Excerpted from
Conscious Divorce: Ending a Marriage with Integrity
By Susan Allison

After hearing the messages of the intuition, you have many options. One choice is not to choose at all but to put away your journal and do nothing. Be aware that this decision may come from fear. Our realizations are so scary, so revolutionary that we cannot face them. We consciously choose homeostasis, to have stability and normalcy. Our marriage may not be ideal or even good, but it is familiar and we are used to it. This is one reason people stay in relationships, even abusive ones, longer than they should. What is known is somehow comforting, and the unknown can seem terrifying. Don't forget, however, that you chose to read this book for a reason. If you sense that there are problems in your marriage, or you feel unhappy in some way, these initial feelings will not disappear. In taking the intuition survey, perhaps you've realized you want changes in your marriage or your spouse. Unless you act on this discovery, your relationship will continue as it is, and you will still have misgivings even if you try not to.

In my own marriage, I stayed for twenty-six years. I wasn't physically abused, but I was neglected. My husband traveled three months a year, while I cared for our children and juggled home and career. When he didn't travel, he worked six days a week as well as evenings, while the children and I spent time together. As I became aware of my own needs as a woman and parent, I realized I no longer wanted to be married to someone who was physically and emotionally absent. But it took me a quarter of a century to act on this realization. One woman, Jade, was married for forty-six years and lived with an alcoholic all this time. Her own children, other family, and friends told her she deserved more, but she wasn't ready to leave her husband. It took a trip with a friend to help her gain the perspective and the courage to leave, which she did upon returning home.

Lana is still with her husband of eighteen years, but she is talking to friends and family about leaving. She has known for at least ten years that she needs to leave, but it is only now that she feels the courage and the support to do so. Constance was married to her first husband for twenty-two years and says she stayed twenty years too long. Finally, she left when their two children were grown, and she has been in a fulfilling second marriage for the past twelve years. II you are choosing to stay and do nothing at this point, it is understandable. However, inaction can be a kind of death. The longer we remain in rigid roles and patterns that no longer have meaning, the more depressed and powerless we feel. To choose, to act, to change, is to feel alive.

Option Two: Stay and Change

Another choice is to stay and recommit to the relationship. After doing the exercises, you realize there is hope for your marriage. You do not want to separate or divorce. What you want is change. Perhaps you hoped that thinking about divorce and even discussing it with your spouse would bring about the improvement you want. Be careful not to threaten your partner with something you don't really want to do. This could backfire and cause you tremendous unhappiness. Attorney Laika Grant Mann advises, "If you don't really want a divorce, but what you want is change, then don't threaten your partner with divorce so he or she will shape up. I've seen so many clients, mostly women, who tell their husbands they want them to change or they're getting a divorce, and the men say, 'fine.' They move out, find someone else very quickly, and the wives are crying in my office about not really getting what they wanted" It would be wiser to talk to your spouse about how you're feeling, ask him or her to go to therapy, and work on your marriage. For those of you who wish to stay in an existing marriage, thousands of books and clinicians exist to help you. Briefly, I am including some suggestions here.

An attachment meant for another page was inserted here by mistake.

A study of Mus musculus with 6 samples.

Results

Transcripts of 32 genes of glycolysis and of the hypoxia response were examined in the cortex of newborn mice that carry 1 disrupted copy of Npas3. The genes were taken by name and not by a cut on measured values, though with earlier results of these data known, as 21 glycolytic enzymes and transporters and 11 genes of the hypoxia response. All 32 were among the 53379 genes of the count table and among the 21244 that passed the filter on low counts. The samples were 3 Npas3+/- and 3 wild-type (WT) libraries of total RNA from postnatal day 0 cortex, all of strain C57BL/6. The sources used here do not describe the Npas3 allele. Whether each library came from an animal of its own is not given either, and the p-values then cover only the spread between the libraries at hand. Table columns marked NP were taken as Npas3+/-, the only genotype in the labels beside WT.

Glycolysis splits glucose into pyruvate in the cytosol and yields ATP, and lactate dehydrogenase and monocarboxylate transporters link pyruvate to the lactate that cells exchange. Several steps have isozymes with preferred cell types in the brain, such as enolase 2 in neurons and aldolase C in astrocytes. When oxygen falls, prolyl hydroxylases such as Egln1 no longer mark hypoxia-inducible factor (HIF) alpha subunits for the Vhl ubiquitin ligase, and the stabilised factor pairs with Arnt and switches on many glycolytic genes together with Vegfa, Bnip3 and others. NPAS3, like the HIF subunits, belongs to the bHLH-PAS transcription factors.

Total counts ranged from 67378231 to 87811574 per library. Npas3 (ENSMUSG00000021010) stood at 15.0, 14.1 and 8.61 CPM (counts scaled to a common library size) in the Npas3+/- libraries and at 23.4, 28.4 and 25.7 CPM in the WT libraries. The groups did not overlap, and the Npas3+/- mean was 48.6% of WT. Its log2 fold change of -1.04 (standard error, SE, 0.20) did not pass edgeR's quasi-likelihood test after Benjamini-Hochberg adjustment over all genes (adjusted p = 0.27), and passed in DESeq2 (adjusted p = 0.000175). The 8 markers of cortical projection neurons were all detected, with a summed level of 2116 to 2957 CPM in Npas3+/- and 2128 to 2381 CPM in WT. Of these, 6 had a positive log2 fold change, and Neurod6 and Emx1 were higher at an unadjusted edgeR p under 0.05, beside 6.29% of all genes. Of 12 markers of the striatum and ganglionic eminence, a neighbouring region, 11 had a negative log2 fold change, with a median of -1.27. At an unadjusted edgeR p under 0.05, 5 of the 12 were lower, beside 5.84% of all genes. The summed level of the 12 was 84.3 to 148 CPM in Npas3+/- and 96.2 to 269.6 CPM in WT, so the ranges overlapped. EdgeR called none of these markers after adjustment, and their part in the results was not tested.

At tills point, relief may be the prominent emotion, relief that the marriage is not ending, the relationship is not dead but only in need of revitalization. Be careful not to be lulled into false optimism. The reasons that first drove you to read this book, to do these exercises, still exist and must be addressed if change and progress are to occur. Furthermore, you have been reading, writing, and feeling deep feelings about your marriage and partner while reading this book. Perhaps you have been trying to decide whether to stay in your relationship for many weeks, months, or years. Has your spouse been doing the same? If he or she has been on a similar course, including sharing these insights with you, then the prognosis is good. Talk to one another; share these realizations; compare notes on what you want in a relationship. Perhaps go to a therapist or continue to see one, and talk about these issues.

Overall, what is important is communication, lots of it. Chapter 2, Clear Communication, presents ways to talk to one another and get results. You can agree to spend more time together, plan a trip, make love in new places, and whatever else works. The keys are willingness, determination, and action. A marriage and family therapist agrees: "Whatever you first loved in your partner is still there, still exists. All you need to do is rediscover it."